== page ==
Linked by Thom Holwerda on Thu 15th Oct 2009 14:47 UTC
Legal Let's do a little trip down memory lane. We're talking the '80s, early '90s, and we're looking at a company called Borland, which produced several well-known and popular products related to software development. Back in those days, Borland had an end user license agreement. However, contrary to the EULAs we know and despise today, Borland's 'No-Nonsense License Statement' was a whole lot simpler, and in fact, is a perfect example of how software should be treated.
by Doc Pain on Thu 15th Oct 2009 17:31 UTC in reply to "Furthermore ..."
Doc Pain

When I was at university, I thought that - having programmed in Assembler, BASIC, Logo and 4th before - TurboPascal was a real good programming language. I just had started programming in C, so many things looked strange there to me at first glance. A buddy gave me a complete Borland TurboPascal 7.0 box, including four 3,5" diskettes (those litte squares with the magnetic thingy in it, for those who don't know them) and several printed manuals (books made of paper with letters and pictures on it). The day I got this present I decided to not program anymore TP, because I fell in love with C. I hope nobody gives me a Borland C box as a present so I will have to look out for another primary programming language... :-)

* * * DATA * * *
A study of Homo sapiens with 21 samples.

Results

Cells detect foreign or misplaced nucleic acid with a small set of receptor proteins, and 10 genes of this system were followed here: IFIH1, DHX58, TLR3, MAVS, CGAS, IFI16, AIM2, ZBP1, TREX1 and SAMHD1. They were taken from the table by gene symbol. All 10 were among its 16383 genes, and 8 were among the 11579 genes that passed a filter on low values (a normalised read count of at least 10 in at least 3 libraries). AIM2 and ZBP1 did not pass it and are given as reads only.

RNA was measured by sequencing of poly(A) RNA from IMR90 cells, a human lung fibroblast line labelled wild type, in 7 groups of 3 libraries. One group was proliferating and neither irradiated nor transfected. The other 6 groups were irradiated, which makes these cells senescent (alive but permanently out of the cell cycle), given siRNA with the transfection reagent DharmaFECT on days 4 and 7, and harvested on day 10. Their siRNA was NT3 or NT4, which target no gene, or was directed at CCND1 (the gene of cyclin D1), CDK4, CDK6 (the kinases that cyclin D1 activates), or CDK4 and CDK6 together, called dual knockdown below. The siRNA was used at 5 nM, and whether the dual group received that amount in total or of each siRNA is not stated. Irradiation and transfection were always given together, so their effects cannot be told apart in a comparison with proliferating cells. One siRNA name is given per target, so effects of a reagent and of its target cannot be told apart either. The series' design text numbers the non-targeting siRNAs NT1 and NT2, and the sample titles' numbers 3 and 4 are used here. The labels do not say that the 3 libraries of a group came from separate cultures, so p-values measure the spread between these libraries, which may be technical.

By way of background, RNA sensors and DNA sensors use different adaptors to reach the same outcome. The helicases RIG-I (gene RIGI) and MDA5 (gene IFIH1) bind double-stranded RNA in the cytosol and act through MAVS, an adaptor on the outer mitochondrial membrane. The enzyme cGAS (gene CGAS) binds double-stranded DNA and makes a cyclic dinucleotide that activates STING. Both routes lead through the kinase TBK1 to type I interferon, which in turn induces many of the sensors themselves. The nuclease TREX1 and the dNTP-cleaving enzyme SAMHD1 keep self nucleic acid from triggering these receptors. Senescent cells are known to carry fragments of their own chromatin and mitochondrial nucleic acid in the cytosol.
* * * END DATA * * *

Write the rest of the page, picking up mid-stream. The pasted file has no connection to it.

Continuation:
I still have that box sitting on my "nostalgia shelf".

Here in Germany, Borland software was obviously present quite up to 2000. Especially schools often used TP 6.0 for "educational purposes" (haha). Even Borland Delphi made it into the classrooms for a short period of time, but today, nobody remembers the word "Borland" anymore.

Only exception: "Al Borland, name that wood!" :-) I always remember that sentence (but in german, "Al Borland, sag den Namen der Holzart!"), and the corresponding "Home Improvement" scene appear infront of my mind, when someone mentions "TurboPascal" or "Borland"...

And very few people can remember other Borland product names that do not primarily refer to programming languages.